Friday, February 18, 2011

The Four Laws of Thermodynamics

Zeroth law - It is the definition of thermodynamic equilibrium. When two systems are put in contact with each other, energy and/or matter will be exchanged between them unless they are in thermodynamic equilibrium. In other word, two systems are in thermodynamic equilibrium with each other if they stay the same after being put in contact.

The original zeroth law is stated as If A and B are in thermodynamic equilibrium, and B and C are in thermodynamic equilibrium, then A and C are also in thermodynamic equilibrium.

Thermodynamic equilibrium includes thermal equilibrium (associated to heat exchange and parameterized by temperature), mechanical equilibrium (associated to work exchange and parameterized generalized forces such as pressure), and chemical equilibrium (associated to matter exchange and parameterized by chemical potential).

1st Law - This is the law of energy conservation. It is stated alternatively in many forms as follows:

The work exchanged in an adiabatic process depends only on the initial and the final state and not on the details of the process.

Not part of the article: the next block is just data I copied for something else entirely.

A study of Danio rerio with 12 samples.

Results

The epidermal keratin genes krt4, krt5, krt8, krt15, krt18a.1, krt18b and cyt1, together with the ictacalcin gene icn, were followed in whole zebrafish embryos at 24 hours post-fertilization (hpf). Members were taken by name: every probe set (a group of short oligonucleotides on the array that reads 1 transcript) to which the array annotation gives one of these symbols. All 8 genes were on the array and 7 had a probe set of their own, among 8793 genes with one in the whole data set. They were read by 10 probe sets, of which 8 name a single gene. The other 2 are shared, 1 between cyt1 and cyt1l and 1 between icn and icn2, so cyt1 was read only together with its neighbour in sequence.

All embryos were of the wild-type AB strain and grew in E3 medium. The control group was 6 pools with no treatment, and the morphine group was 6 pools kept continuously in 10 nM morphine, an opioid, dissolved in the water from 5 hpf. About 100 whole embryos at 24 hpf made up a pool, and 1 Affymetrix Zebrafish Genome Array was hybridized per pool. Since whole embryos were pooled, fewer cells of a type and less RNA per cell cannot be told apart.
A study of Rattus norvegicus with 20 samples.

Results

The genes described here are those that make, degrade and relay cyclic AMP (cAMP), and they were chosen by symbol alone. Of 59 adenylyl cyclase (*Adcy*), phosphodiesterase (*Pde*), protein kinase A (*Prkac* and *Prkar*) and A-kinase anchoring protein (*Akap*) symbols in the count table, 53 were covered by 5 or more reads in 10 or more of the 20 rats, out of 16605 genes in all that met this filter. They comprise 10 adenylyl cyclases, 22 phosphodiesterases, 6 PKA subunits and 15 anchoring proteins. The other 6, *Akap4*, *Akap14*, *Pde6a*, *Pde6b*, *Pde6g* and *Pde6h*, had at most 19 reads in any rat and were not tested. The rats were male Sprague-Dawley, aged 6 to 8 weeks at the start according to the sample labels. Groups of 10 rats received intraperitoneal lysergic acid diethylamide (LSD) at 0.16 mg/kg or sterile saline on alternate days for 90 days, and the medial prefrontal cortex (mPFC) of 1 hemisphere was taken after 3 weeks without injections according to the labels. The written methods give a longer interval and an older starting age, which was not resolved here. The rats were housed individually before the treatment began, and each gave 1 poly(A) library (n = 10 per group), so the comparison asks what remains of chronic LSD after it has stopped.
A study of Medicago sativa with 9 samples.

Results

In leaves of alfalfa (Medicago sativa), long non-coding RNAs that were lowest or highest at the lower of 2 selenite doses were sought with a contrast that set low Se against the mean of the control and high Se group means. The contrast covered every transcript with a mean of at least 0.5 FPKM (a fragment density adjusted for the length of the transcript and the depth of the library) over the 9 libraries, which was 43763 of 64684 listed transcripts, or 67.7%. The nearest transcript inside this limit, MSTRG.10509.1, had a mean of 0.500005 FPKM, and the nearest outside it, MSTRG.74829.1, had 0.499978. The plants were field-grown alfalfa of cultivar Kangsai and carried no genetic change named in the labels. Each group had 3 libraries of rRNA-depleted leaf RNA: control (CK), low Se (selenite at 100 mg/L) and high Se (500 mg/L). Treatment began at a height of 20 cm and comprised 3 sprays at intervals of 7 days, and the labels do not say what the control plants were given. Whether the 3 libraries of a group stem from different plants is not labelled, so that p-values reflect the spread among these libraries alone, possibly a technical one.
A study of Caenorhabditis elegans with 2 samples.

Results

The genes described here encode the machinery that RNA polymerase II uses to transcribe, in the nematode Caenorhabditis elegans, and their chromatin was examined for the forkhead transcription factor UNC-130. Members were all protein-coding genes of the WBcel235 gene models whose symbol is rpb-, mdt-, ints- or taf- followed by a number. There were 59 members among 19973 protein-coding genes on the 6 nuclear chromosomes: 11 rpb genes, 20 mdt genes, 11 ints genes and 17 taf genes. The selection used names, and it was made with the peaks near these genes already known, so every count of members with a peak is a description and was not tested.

The heat flowing into a system equals the increase in internal energy of the system minus the work done by the system.
Energy cannot be created, or destroyed, only modified in form.

The second statement can be expressed mathematically in the form of Eq.(1) with negative W representing work done by the system. The adiabatic process in the first statement refers to a system with no heat transfer, i.e., Q = 0.

2nd Law - It can be stated in many ways, the most popular of which is:

It is impossible to obtain a process such that the unique effect is the subtraction of a positive heat from a reservoir and the production of a positive work.
A system operating in a cycle cannot produce a positive heat flow from a colder body to a hotter body.

The first statement is to exclude the un-realistic situations such as to drive a steamship across the ocean by extracting heat from the water, or to run a power plant by extracting heat from the surrounding air. The second statement expresses the impossibility of running refrigeration without work. Another form of the 2nd law states:

The entropy of an isolated system tends to remain constant or to increase. It is in this form that the arrow of time is defined. Figure 01b shows the various ways entropy can be added to a system.

3rd Law: This law explains why it is so hard to cool something to absolute zero:

All processes cease as temperature approaches zero.

This statement is expressed mathematically by Eq.(4), which shows that as the temperature T approaches zero the amount of heat extracted from the system also diminishes to zero. Thus, even using laser cooling would not be able to attain a temperature of absolute zero.